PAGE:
Thursday, May 30, 2019
Western Pennsylvania native Joe Lonnett spent 24 years in baseball as a player and coach, signing with the Philadelphia Phillies as a free agent in 1948. He missed two seasons while serving in the U.S. Navy in World War II and the Korean War. Lonnett spent four seasons as a catcher with the Phillies, from 1956-59, batting .166 with six home runs and 27 RBI. His roommate with the Phils was Robin Roberts.
He later coached for the Pirates under friend and fellow Pittsburgh area native Chuck Tanner. He was on the staff of the '79 championship team. He succumbed to Alzheimer's disease in 2011 at the age of 84.
Friday, May 24, 2019
Nuxhall debuted in MLB before his 16th birthday in 1944 due to the thinning of talent due to WWII. He then did the usual minor league work and returned to the Reds in 1952. Baseball Reference shows he was out of baseball in 1946 with 'voluntarily retired' given as the reason for no stats. I'd like to think he spent the year getting ready for his high school prom.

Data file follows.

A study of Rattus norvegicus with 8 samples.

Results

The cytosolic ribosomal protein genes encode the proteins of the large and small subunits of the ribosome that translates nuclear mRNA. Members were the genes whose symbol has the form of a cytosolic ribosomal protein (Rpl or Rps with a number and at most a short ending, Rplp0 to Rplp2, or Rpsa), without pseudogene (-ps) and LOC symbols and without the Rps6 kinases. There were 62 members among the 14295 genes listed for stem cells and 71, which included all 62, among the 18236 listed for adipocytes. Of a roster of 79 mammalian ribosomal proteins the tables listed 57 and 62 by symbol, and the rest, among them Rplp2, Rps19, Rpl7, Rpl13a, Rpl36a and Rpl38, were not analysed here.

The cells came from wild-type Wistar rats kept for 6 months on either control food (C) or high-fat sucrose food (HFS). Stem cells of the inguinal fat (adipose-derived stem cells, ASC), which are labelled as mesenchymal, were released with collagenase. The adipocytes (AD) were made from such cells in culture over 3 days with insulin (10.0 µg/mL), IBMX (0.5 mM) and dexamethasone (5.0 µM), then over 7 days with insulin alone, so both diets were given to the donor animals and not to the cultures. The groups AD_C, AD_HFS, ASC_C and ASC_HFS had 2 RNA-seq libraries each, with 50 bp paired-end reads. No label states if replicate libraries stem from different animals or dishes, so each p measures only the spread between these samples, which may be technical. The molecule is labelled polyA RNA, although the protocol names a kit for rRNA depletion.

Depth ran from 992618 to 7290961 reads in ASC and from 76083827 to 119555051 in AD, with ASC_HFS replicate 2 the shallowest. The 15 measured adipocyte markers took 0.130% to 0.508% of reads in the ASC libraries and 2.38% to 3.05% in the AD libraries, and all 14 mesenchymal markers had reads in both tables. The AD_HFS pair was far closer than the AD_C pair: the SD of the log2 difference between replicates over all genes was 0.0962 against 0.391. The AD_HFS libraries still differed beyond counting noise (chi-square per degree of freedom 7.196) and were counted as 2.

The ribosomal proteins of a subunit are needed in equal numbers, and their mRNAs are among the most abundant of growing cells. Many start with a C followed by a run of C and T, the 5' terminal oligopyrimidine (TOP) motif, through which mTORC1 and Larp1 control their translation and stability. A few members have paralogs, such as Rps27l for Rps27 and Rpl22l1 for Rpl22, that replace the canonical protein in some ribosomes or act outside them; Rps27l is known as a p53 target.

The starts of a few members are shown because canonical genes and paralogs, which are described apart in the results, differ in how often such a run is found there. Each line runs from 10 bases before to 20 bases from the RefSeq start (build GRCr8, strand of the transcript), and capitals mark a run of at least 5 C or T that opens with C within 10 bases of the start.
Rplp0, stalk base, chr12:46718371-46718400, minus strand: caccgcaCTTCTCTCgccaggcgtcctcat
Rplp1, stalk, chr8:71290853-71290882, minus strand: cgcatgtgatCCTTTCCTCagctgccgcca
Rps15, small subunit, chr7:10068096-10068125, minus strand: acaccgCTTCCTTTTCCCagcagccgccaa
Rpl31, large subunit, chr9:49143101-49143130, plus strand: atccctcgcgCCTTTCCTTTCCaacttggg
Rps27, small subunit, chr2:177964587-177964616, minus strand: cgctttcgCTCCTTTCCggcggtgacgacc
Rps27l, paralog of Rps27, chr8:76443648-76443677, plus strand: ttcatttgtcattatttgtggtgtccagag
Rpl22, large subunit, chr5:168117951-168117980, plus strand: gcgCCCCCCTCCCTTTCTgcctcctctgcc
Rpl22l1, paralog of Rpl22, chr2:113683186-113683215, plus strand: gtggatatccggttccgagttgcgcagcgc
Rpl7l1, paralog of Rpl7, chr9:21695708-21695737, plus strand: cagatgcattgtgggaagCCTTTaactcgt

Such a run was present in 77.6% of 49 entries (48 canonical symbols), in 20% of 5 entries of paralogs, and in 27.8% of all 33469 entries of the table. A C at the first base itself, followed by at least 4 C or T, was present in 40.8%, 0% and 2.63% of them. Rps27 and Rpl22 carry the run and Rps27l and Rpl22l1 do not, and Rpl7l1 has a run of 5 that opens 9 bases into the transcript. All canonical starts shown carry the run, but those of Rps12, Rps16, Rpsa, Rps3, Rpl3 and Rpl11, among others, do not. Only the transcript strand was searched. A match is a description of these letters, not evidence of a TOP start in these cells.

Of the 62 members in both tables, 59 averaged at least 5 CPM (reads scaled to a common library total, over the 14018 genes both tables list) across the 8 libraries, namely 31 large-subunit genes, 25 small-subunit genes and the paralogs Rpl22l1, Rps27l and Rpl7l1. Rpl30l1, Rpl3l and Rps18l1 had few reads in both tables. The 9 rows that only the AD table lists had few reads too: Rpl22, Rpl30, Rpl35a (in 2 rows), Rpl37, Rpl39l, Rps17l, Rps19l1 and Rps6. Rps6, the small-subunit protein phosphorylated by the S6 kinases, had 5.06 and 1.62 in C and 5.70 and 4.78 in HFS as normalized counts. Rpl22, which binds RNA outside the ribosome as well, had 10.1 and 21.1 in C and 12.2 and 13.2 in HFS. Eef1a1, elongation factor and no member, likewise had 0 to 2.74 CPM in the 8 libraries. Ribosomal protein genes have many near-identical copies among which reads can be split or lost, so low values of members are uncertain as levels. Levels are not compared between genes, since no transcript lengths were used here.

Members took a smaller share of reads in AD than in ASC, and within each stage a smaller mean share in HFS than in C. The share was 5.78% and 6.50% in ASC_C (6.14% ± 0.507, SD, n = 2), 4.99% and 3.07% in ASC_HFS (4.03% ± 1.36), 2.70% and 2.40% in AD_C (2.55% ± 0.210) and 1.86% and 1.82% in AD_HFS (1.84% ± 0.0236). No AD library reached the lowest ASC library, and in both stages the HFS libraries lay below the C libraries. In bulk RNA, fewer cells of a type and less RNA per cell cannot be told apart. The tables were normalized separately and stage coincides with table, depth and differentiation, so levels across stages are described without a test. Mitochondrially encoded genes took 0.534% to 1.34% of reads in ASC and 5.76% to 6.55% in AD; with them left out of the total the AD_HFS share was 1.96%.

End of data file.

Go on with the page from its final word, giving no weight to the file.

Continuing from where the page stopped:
He went on to win 135 games over 16 seasons, all but five of those wins with the Reds. He went on to become a long-time, much-loved broadcaster for the Reds before retiring in 2004, a full six decades after his debut. Even then he wasn't completely retired as he sometimes pitched batting practice at Reds home games.
Joe Nuxhall died in 2007 at the age of 79.
Wednesday, May 15, 2019
Since I only caught the tail end of Joe DeMaestri's career I think of him as a Yankee but he spent far more time with the Athletics through the 1950s.
He was originally a Red Sox signee out of the Bay Area but debuted with the White Sox in 1951 after being claimed in the Rule 5 draft. He played a year in Chicago, was dealt to the Browns and spend a year with them. He was a 'good field-no hit' infielder.
After two trades in the winter of 1952-53 he found himself in Philadelphia and he established himself as the Athletics' starting shortstop and held that spot for seven seasons. He was an All Starin 1957. After being dealt to the Yankees (in the same trade that brought over Roger Maris) he was on the pennant-winning 1960 club that lost to the Pirates. He had a hit in two trips in that Series. He was also on the Series-winning 1961 Yankee team but didn't play in the Series at all. He retired after the 1961 season and, like his pal Maris, went into the beer distribution business.
His biggest day in the majors came in 1955 with the A's when on July 8, at Briggs Stadium in Detroit, he had six singles in six at-bats.